As much as I like to blast the Houston Chronicle, the irony of the situation is that my grandfather had been a reporter for a newspaper in his younger years.
Although he only did it for a few years, it was an experience that he always spoke very fondly of. He went on to a more lucrative career, but I think he was always very wistful of his time reporting the news. I was raised by him telling me that a journalist was a noble profession and one that was there to seek the truth and keep people honest.
I suppose that the duty to seek the truth is something that newspapermen and prosecutors have in common, theoretically.
But it seems that on a daily basis that Jeff Cohen's Houston Chronicle has more and more turned it's back on it's duty to report the news.
Now, I'm not getting overly sensitive -- yet.
The editorial that ran in today's edition probably didn't sway a single person on their opinion on the death penalty. For that matter, I don't know that the Chronicle has yet to write any column or article on that topic that swayed an opinion. We are Houston, Texas, after all.
What ticks me off is that the results of studies are being misrepresented and they are over-emphasizing some portions while wilfully overlooking others. As someone who has been involved in a capital murder trial when the State sought death, the idea of putting a statistical number on its outcome is as absurd as it is obscene.
It mathematically accounts for things that can't be mathematically accounted for -- the people pulled at random to be in the multiple jury pools that the jurors will be pulled from. The jurors' responses on their questionnaires and their Q&A with the attorneys. The attorneys' "gut instinct" on who to strike and who to keep. The witnesses that will testify and the way the jury will react to those witnesses. The closing arguments and their ability to sway. The evidence presented in the punishment phase.
And most importantly, when twelve people sit in that back room, can they answer the question to decide the defendant's fate?
How in the hell do you put a number on that?
But that doesn't slow the Chronicle down. Editor Jeff Cohen knows that he will catch hell at home from his anti-death penalty zealot wife, Katherine Kase, if he doesn't maintain the offensive against the Death Penalty.
And there's nothing wrong with that. At least, there's nothing wrong with it until the news and the facts start getting twisted or ignored.
Last week, a conference was held in Galveston for Judges, Prosecutors, and Defense Attorneys who practice criminal law. It was a good conference with a lot of information coming from it. Noted defense attorney and Innocence Project founder Barry Scheck spoke. In addition, attorney Bob Wicoff spoke regarding his continued work with Chris Downey and Judge Mary Bacon on reviewing flawed serology from the HPD Crime Lab.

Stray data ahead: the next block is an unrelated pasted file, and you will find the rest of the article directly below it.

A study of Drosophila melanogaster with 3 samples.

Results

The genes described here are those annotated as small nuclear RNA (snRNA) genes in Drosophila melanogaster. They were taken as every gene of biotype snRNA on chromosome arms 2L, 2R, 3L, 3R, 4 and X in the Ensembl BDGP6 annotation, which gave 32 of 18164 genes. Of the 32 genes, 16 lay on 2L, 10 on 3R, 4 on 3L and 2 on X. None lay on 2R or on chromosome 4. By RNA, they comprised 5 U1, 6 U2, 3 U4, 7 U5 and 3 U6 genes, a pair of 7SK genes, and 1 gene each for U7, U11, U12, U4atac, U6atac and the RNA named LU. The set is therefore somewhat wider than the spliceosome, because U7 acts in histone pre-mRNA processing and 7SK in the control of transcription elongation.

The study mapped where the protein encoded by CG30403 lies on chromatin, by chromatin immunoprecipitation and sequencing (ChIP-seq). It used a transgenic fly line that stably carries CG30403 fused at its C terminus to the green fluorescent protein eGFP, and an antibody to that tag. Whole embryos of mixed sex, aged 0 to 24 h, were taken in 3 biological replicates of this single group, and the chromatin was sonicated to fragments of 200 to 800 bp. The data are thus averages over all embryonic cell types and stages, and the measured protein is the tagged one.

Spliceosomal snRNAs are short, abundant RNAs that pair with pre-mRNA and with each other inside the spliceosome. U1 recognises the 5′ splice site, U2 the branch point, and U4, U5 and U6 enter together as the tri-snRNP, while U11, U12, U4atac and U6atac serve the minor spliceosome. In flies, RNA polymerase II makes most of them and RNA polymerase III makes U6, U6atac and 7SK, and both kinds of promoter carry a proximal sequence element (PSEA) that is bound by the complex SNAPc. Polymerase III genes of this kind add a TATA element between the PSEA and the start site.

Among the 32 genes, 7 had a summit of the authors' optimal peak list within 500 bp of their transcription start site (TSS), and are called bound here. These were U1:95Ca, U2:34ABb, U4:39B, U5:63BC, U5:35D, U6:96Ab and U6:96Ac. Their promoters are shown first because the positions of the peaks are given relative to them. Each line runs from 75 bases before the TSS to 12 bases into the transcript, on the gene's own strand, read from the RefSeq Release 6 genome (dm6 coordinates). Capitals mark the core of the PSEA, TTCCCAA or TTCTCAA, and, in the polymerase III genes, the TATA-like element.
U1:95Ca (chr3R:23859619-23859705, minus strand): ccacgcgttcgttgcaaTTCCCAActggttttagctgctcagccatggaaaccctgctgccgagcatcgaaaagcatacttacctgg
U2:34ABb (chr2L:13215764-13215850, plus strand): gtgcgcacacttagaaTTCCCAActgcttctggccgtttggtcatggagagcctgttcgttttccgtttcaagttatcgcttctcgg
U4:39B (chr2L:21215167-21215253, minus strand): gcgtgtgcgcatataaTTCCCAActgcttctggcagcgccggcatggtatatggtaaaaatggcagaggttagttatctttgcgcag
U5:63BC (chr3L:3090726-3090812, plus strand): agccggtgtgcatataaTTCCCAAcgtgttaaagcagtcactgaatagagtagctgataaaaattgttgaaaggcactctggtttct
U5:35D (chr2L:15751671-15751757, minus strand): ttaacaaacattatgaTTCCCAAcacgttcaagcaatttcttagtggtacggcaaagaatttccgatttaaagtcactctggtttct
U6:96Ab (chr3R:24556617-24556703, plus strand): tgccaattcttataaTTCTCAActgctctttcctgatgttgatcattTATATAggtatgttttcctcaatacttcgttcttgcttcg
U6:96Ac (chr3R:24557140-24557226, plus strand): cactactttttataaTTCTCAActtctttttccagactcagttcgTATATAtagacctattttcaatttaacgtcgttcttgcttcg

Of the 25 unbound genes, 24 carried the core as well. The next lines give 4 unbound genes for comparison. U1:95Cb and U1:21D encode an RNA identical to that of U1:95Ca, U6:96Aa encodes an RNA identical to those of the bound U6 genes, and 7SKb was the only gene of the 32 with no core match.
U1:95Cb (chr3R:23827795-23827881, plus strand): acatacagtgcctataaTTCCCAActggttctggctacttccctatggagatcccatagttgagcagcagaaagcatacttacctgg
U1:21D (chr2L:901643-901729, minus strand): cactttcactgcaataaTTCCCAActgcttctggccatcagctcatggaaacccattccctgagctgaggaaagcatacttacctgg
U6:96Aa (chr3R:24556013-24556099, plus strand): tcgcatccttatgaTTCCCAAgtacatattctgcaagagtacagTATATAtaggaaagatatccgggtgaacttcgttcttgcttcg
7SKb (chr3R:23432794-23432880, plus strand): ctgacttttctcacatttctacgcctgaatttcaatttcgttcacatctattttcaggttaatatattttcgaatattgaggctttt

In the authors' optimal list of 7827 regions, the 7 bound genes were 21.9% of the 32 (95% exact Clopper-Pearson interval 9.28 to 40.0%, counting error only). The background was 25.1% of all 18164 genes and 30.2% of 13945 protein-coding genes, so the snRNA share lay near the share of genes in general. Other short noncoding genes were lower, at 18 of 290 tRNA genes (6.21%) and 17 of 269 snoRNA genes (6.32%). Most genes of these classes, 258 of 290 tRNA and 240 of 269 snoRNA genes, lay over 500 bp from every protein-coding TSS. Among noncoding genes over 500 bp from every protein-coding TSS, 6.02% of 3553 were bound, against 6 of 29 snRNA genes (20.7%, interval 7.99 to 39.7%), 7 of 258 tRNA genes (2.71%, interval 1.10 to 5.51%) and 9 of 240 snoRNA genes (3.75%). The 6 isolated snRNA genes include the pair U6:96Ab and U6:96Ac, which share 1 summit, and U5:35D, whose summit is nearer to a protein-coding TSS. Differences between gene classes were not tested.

Wicoff pointed out to the room of prosecutors, judges, and defense attorneys that on several occasions he had complimented the prosecutors he had been working with and he had made those compliments to the Chronicle. Specifically, Wicoff told the room that he complimented the job done by Alicia Devoy O'Neill for her active assistance in the project. He told the room, almost apologetically, that he had informed the media of this several times, but nobody really seemed all that interested in printing the fact that the D.A.'s Office was being righteous.
Did you ever wonder why the Chronicle could possibly endorse a former-judge who had been retired from the bench for 14 years (and had a controversial career when she was there) over one of the most effective prosecutors in the Nation? Why did they bury all those Lykos stories?
It's simple: Kelly Siegler was an effective prosecutor who got the death penalty on Defendants. Stopping her early was a primary objective.
I'm well aware that this article will prompt folks, like Grits, to say that Old AHCL is back to pissing and moaning about the election again. That's not really my point (and the 12-step program is really helping me recover from it). And Ron will smirk at my conspiracy theory.
My point is that the Chronicle is a disingenuous, poorly-written, propaganda piece for the Death Penalty Opponents. And I think it continues to exist in that realm because Jeff Cohen is just pushing his wife's agenda.
I've said it before and I will say it again that I understand why people oppose the death penalty, and I agree with them on some of their points. But I don't think that the readers of the Chronicle deserve to have the news filtered to adjust to Cohen & Kase's viewpoints. It's bad management, and I would hope that, at some point, somebody (with a lot more influence than me) would take note of it.
Weren't newspapers founded on the idea of fostering more intellectual honesty? That certainly seemed to be why my grandfather respected the business so much.
I've never seen a newspaper that fought so hard to curb it.